In May 2010 I performed an exercise in do-it-yourself seismic screening of an existing building.
I used 2 methods: FEMA 154 and P25. These methods are both intended for a broad class of users, such as building owners. One term used to describe such methods is “rapid visual screening”. The idea is that people can estimate the likely performance of their building in a major earthquake and then make an informed decision on whether to invest in a professional seismic assessment of the building.
These methods are somewhat difficult to apply, because they require classifications that are not clearly defined. Since performing the exercise, I have not detected any progress in the availability to the public of well-documented, easy-to-apply do-it-yourself seismic screening tools.
I discussed this problem with some engineers at the 2011 PEER Annual Meeting. Some are working on new and better screening methods. One engineer referred me to the ASCE 31 standard for the seismic assessment of existing buildings. Its current version, ASCE 31-03, was published in 2003. It defines 3 “tiers” of seismic assessment. In 2008 it was critically reviewed by 3 engineers, who argued that it has fundamental defects and will be “promoting the expenditures of large sums of money on inappropriate engineering analysis”. Whether it is a worthy method or not, it does not seem to be a method designed for the owners or users of buildings who wish to perform do-it-yourself screenings. For example, let’s assume that I have correctly classified Berkeley Town House’s building as a C2 building. Then the Tier 1 checklist for this building requires me to decide whether the building complies with this criterion: “The stiffness of the lateral-force-resisting system in any story shall not be less than 70 percent of the lateral-force-resisting system stiffness in an adjacent story above or below, or less than 80 percent of the average lateral-force-resisting system stiffness of the three stories above or below for Life Safety and Immediate Occupancy.” Decisions like this can’t be read straight off the building drawings.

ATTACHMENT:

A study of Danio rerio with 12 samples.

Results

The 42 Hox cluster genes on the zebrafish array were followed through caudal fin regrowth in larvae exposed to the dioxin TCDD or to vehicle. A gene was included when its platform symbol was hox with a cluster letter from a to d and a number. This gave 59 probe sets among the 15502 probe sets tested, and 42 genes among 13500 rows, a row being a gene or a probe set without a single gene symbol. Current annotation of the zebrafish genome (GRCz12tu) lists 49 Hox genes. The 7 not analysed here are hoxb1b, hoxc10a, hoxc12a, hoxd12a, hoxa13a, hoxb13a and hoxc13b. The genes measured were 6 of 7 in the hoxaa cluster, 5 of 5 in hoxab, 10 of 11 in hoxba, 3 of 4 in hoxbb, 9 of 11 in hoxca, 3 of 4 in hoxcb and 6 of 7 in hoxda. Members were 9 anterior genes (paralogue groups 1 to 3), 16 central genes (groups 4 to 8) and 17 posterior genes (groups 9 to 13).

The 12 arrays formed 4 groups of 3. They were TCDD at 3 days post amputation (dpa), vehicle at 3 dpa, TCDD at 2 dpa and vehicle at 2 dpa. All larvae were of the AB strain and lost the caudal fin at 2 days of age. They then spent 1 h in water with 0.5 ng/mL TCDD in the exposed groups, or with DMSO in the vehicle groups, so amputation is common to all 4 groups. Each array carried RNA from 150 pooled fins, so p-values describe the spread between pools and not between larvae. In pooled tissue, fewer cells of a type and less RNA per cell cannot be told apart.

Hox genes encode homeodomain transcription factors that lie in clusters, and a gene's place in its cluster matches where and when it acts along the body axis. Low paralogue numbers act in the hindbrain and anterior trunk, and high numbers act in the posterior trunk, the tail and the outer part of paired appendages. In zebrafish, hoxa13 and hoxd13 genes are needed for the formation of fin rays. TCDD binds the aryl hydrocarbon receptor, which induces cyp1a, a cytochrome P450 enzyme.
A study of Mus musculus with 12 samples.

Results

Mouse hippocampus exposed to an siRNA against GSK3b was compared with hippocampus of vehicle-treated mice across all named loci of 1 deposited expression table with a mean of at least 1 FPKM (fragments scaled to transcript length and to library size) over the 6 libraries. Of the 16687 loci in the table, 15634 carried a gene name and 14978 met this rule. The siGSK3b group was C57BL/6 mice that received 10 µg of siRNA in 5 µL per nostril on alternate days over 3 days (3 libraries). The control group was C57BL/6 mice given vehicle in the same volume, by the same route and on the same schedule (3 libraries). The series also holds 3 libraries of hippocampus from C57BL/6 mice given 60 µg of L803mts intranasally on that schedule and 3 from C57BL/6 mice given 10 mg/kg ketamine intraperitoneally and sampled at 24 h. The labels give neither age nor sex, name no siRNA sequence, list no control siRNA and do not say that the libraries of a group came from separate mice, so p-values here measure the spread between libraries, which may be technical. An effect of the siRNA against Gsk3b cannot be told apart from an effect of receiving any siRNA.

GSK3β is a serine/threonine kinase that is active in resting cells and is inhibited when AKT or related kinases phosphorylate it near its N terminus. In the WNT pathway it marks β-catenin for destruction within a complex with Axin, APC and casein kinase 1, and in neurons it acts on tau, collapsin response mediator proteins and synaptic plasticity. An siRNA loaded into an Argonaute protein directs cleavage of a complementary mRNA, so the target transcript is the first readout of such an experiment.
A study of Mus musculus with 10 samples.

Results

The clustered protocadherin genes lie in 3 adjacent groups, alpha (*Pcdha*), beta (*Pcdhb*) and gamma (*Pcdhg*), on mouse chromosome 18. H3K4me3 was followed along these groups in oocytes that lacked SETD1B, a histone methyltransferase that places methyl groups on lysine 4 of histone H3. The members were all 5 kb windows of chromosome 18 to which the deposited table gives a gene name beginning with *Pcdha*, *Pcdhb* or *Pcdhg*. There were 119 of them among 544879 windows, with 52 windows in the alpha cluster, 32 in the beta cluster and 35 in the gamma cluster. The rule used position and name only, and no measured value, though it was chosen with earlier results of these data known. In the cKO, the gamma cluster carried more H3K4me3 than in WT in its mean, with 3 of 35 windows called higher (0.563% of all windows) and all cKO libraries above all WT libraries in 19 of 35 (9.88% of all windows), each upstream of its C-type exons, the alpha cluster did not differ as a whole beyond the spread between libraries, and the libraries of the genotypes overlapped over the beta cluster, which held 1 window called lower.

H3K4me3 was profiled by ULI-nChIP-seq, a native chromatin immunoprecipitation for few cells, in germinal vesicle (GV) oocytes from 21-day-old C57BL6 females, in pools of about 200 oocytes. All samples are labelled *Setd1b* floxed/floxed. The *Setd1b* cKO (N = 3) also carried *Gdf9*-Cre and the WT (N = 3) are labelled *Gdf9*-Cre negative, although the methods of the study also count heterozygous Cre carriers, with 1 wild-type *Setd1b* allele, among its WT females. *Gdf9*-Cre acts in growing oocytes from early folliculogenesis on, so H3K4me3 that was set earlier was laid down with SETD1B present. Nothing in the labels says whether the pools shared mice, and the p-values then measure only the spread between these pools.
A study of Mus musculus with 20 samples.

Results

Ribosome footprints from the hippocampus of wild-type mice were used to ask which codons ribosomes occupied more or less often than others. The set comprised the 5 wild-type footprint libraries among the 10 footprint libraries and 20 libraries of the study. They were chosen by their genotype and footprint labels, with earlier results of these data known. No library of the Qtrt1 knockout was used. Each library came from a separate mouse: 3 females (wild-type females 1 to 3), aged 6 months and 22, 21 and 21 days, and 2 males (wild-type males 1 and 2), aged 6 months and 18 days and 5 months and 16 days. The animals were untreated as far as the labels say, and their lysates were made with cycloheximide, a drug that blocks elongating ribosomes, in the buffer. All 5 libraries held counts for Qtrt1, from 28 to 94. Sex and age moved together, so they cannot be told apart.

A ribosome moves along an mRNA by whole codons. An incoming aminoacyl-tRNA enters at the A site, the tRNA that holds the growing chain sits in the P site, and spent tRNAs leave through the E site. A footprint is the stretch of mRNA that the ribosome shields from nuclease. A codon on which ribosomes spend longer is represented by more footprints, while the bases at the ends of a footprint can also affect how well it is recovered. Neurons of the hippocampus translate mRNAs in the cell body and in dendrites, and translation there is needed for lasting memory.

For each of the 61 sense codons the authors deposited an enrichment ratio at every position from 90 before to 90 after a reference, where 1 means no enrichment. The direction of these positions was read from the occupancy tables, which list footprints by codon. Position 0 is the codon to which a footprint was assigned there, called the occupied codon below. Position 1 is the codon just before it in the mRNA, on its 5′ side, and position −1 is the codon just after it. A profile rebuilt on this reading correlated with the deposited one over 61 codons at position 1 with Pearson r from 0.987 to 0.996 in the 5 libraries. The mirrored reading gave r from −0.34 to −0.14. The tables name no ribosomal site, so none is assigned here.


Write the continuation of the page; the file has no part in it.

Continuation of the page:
Life (for those surviving) after a major earthquake will also depend on the entire region’s response. For those in the Bay Area, one of the talks at the PEER meeting gave a forecast of this. You can watch Janielle Maffei’s talk on “The Coming Bay Area Earthquake—2010 Update” to learn more about the expected damage and the recent efforts to mitigate it in advance.